When Ellen Sandell spoke at RMIT

0 Posted by - 14/05/2015 - Featured, Features

by Rachel Short | @TheRachelShort

Have you guys noticed there’s a bit of weirdness with the weather lately though? How summers are getting hotter and it’s only May and it’s already six degrees at eight o’clock at night? Dare I call it this early in the piece and say, “CLIMATE CHANGE IS REAL”? This is what state MP for Melbourne, Ellen Sandell, had to say when she came to spread the word on climate change as part of a symposium held by the Centre for Communication, Politics and Culture at RMIT.

Greens MP Ellen Sandell Photo - Supplied

Greens MP Ellen Sandell. Photo – Supplied

Following Senator Christine Milne’s resignation as Greens leader and the concern the party may have internal problems, they have not let the importance of climate change slip. Their new leader Richard di Natale is promising to get the issue back on track.

According to Fairfax Media, Senator Di Natale said the Greens would be challenging the government health, education and public transport problems but believes the addressing climate change is the highest priority – for without it, everything else is kind of superfluous.

Sandell used her appearance at RMIT to give her background in politics and especially environmental issues. The first matter she addressed was how to communicate climate change to the government.

Born in Mildura, she was interested in conservation of the environment from an early age. After receiving a scholarship to the University of Melbourne to study arts and science, she was finally in a place where her passion for activism could be unleashed.

She helped run a campaign for the university to become carbon neutral. After being knocked back several times, she encouraged the population of the university to speak up about their concerns surrounding climate change and finally the university agreed to become carbon neutral by 2030. “The way to convince them is to make them ask themselves, do people care enough about this for us to care about it?” said Sandell in early May.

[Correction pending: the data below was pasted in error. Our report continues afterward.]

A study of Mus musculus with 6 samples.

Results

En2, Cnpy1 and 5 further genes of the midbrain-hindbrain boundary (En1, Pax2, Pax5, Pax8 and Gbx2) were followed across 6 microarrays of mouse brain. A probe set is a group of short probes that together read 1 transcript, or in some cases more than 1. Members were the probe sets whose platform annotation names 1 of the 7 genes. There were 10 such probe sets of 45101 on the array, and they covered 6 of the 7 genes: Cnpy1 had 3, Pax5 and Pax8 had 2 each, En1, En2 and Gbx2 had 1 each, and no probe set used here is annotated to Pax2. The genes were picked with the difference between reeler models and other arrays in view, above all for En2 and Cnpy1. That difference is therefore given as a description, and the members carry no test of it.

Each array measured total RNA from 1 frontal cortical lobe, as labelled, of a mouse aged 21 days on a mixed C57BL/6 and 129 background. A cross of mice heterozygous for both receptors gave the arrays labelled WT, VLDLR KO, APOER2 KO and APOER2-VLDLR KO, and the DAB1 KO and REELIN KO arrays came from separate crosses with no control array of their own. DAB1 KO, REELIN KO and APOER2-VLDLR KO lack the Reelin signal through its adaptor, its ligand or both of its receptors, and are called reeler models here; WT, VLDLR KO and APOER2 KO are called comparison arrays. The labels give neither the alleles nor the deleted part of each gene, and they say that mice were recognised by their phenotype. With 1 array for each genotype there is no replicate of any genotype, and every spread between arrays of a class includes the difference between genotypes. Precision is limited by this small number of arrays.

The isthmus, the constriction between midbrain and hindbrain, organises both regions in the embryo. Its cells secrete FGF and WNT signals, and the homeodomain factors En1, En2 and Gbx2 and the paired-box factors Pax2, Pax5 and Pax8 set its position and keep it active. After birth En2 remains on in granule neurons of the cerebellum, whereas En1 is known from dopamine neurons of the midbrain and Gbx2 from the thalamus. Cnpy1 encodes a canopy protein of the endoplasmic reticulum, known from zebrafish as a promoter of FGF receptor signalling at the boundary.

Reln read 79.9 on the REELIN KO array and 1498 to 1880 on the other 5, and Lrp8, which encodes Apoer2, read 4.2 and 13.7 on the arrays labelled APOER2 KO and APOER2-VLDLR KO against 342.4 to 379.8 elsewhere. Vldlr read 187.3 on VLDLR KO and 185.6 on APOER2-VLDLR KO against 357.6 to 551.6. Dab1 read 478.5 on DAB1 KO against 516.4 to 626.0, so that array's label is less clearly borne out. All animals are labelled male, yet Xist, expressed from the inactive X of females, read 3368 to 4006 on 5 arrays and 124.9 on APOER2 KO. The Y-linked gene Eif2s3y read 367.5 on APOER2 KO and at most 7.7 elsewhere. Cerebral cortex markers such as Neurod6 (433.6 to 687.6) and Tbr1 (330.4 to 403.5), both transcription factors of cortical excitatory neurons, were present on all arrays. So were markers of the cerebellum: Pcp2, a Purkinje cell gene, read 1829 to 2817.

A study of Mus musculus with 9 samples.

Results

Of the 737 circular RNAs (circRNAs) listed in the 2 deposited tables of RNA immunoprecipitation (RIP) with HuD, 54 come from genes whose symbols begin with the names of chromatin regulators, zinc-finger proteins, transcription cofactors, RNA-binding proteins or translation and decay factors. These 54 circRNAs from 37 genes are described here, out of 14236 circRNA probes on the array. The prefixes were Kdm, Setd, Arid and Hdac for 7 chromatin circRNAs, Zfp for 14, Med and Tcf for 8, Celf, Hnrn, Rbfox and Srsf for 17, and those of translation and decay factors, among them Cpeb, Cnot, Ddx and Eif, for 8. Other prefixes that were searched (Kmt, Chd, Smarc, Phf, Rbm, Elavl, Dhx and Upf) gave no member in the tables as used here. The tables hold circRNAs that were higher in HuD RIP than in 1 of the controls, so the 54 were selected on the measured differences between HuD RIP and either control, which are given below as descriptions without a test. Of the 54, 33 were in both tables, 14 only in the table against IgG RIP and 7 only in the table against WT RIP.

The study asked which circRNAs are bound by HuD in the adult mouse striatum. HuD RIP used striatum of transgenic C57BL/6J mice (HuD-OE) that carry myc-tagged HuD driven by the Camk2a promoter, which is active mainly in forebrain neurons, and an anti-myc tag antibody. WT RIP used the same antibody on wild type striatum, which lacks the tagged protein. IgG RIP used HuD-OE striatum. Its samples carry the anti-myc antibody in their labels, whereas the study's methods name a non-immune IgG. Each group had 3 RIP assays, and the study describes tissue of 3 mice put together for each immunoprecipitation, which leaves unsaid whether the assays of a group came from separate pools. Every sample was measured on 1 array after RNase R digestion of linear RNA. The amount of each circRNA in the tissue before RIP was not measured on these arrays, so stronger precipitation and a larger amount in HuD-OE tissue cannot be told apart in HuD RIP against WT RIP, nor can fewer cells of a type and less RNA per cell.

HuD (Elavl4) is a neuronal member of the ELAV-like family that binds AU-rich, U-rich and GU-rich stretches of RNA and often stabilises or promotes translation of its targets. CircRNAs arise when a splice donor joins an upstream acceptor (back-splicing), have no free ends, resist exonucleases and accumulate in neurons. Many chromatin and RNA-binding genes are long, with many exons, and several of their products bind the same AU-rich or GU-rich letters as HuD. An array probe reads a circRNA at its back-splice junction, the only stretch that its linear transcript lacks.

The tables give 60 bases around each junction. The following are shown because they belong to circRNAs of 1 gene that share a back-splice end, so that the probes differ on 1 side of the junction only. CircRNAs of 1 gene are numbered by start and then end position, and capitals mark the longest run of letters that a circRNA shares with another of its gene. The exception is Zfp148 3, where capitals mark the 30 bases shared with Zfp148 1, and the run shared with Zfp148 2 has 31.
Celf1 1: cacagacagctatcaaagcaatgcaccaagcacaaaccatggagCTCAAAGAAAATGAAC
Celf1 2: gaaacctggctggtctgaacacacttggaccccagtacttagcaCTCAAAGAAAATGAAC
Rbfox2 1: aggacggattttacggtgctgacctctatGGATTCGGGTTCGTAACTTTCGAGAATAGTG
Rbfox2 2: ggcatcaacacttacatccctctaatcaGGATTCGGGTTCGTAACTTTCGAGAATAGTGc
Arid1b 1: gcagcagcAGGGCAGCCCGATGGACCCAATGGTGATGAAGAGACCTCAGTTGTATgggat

After graduating university, Sandell’s first taste of politics was as an employee for then-Victorian Labor premier, John Brumby. She worked as a policy advisor on the Brumby government’s climate change strategy and Green Paper.

Her reasons for leaving the Labor government were many, but perhaps the most important was the scrapping of her plans to install solar panels in every primary school in Victoria. After after parents called into talkback radio and voiced their concerns about their children in classrooms on a 38-degree day, the government moved in favour of installing air conditioners

A fair amount of the talk was used by Sandell to express the importance of the successful dissolution of the East-West Link toll road and the campaign to see the closure of Australia’s dirtiest coal mine, Hazelwood. Labor promised in 2010 to replace Hazelwood with clean energy solutions, but it still remains open.

She said the template for getting rid of the East-West Link was a fantastic model to run other campaigns on. She said you could apply this in replacing Hazelwood:  pressure community and  local councils, take the government to court for misleading people and then apply electoral inner-city pressure from the Greens.

Sandell was optimistic as she spoke of climate change being addressed much more significantly in the future. Perhaps the most resonating part of her talk being about the importance of smaller governments in creating change.

“State and local governments can do so much to influence sustainability and climate solutions,” Sandell said.

“It’s great to have a carbon price and the Federal Government working on an international treaty, but actually the people who are going to implement these solutions, are the teachers, are the doctors in hospitals, are the people who run on city councils, are the universities who are often quite influenced by state and local governments. Solutions can come from the ground up.”